Identifying early markers of autism in naturalistic motor behavior using high-frequency sampling

  • Awarded: 2022
  • Award Type: Human Cognitive and Behavioral Science Award
  • Award #: 986348

Early identification of infants at risk for autism spectrum disorder (ASD) is a huge challenge because neither genetic nor neuroimaging methods have revealed robust early pathological markers for developing social and/or communication challenges. Additionally, clinical screenings are primarily based on the severity of post-infancy social-communication (S-C) differences, leading to relatively late diagnosis and inhibiting early interventions. While parents, practitioners, teachers, clinicians and researchers often cite motor anomalies, from birth, in children later diagnosed with ASD, the sensitive, longitudinal measures to establish trajectories in early motor development and their cascading interactions with emerging S-C abilities are missing.

Gillian Forrester and her colleagues are employing high-frequency longitudinal data collection because research demonstrates that infant groups at high and low risk of ASD may demonstrate differences at one time point which may no longer be visible at a later time point, but the nature of when (e.g., sensitive stages) and why (e.g., compensatory mechanisms) changes occur in the intervening time is unknown. The team will use wearable technology and intelligent toys to capture high-frequency, longitudinal samples of motor development and standardized modules of cognitive batteries to evaluate S-C abilities in infants from birth.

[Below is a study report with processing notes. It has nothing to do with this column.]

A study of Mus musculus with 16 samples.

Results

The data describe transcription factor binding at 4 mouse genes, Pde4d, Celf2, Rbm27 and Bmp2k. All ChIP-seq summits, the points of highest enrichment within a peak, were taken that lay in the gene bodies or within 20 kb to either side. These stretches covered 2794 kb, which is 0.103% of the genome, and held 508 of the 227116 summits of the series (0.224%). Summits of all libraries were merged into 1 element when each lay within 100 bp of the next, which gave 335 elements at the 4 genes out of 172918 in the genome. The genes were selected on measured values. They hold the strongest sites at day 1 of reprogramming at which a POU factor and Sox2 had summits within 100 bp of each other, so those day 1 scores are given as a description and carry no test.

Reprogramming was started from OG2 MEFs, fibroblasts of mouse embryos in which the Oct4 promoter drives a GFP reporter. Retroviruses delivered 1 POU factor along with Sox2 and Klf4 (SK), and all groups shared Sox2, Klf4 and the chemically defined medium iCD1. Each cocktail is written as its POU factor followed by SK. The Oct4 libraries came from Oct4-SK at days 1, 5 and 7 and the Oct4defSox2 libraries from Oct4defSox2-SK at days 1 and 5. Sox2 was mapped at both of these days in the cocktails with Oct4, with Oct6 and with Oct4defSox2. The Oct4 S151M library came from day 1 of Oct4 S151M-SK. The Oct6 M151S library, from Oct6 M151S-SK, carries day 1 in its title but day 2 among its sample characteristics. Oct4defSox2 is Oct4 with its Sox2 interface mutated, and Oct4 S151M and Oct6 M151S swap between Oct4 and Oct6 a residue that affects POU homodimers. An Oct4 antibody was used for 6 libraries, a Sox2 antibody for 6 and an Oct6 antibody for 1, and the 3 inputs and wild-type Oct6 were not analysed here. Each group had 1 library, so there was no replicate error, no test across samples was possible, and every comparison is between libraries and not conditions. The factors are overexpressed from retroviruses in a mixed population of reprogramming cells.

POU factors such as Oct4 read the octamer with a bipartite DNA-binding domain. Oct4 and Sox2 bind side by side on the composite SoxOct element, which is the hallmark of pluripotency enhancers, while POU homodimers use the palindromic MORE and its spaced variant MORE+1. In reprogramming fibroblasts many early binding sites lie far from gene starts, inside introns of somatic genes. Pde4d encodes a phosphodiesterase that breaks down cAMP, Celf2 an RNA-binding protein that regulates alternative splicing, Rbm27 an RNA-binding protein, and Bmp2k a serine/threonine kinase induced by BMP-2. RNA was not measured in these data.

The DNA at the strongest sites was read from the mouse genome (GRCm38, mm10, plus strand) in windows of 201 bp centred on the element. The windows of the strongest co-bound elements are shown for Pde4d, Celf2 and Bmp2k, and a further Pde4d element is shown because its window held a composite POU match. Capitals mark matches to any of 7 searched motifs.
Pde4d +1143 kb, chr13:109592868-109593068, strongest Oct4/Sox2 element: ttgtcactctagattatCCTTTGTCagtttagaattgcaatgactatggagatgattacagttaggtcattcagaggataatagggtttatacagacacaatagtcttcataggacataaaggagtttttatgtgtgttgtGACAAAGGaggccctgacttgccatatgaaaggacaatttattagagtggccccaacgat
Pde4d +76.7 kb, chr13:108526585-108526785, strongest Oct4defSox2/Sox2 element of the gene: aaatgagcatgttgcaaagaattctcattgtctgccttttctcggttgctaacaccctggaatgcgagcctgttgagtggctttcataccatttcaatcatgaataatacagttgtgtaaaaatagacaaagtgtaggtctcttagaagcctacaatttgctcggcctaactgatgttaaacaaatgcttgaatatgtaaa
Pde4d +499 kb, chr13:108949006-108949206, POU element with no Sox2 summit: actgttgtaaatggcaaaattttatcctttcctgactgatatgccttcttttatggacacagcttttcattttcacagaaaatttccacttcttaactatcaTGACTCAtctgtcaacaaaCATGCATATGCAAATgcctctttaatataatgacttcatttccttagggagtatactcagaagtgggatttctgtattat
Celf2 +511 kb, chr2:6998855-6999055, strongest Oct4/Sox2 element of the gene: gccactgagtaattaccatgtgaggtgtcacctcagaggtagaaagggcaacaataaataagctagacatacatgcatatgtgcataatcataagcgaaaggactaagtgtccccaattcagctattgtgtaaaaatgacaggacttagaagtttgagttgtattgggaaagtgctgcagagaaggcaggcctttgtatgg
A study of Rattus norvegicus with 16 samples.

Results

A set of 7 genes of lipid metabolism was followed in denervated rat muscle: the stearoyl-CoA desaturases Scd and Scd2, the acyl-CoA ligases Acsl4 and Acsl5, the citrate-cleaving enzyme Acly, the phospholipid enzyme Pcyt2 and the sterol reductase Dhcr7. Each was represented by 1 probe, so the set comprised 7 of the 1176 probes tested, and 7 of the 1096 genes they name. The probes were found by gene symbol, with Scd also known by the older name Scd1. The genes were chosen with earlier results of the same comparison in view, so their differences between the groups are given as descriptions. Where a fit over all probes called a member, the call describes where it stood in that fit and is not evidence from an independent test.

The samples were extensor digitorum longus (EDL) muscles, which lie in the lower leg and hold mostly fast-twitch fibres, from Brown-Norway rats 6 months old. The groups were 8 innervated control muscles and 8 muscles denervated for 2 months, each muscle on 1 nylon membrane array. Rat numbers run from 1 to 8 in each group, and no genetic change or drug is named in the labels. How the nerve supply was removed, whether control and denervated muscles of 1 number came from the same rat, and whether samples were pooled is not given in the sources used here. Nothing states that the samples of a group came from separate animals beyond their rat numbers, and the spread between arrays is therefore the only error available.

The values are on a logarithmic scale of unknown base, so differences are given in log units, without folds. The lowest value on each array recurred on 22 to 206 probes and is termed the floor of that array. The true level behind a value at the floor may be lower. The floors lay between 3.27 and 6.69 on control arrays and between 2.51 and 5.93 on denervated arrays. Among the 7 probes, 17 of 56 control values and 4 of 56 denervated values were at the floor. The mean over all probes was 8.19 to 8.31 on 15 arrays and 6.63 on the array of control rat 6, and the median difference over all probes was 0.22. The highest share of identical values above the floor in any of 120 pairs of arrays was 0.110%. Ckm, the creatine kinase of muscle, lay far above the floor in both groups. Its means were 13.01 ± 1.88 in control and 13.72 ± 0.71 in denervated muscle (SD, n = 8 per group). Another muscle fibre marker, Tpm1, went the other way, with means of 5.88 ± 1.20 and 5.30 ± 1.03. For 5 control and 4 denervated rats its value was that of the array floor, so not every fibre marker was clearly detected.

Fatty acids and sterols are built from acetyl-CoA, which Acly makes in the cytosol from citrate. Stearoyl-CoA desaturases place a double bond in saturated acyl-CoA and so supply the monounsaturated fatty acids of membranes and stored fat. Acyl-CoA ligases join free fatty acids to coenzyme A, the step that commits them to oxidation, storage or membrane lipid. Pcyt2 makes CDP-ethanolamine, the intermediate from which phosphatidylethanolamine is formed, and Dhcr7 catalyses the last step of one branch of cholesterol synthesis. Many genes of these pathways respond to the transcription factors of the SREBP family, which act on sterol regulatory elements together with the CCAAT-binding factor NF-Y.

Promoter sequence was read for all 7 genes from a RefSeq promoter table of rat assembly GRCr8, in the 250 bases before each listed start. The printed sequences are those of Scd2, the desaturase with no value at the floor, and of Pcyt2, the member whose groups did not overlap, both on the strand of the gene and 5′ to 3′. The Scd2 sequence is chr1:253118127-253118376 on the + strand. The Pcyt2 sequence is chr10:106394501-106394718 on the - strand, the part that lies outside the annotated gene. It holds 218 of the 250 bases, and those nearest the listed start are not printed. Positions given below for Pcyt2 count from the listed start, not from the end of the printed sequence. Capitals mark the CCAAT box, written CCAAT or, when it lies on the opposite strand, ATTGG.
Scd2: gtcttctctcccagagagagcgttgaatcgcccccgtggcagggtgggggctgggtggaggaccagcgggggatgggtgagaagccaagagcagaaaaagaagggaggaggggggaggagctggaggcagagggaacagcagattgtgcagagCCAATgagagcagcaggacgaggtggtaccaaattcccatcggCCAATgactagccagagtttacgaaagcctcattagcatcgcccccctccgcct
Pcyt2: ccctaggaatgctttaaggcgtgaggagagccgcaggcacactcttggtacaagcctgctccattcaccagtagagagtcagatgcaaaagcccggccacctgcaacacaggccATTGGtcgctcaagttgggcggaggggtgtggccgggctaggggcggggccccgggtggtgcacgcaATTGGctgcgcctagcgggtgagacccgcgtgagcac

Forrester and her team will evaluate weekly motor behaviors in infants aged 0–12 months and biweekly S-C abilities between ages 0–18 months. High frequency motor data will be derived from video and motion sensors embedded in baby bodysuits and toys used in participants’ homes. Motor ability of infants derived from sensors will be validated against standardized clinical general movement assessments. The investigation focuses on (1) how different motor trajectories unfold, (2) how motor trajectories interact with S-C through early development in both a linear and nonlinear fashion and (3) whether the variation in these developmental trajectories is discernible between groups of infants at low and high risk for ASD.

High-frequency behavioral sampling is required to reveal early risk markers for specifically targeted interventions to reduce the severity of developing symptoms associated with ASD, thereby increasing the quality of the lives of infants and their families.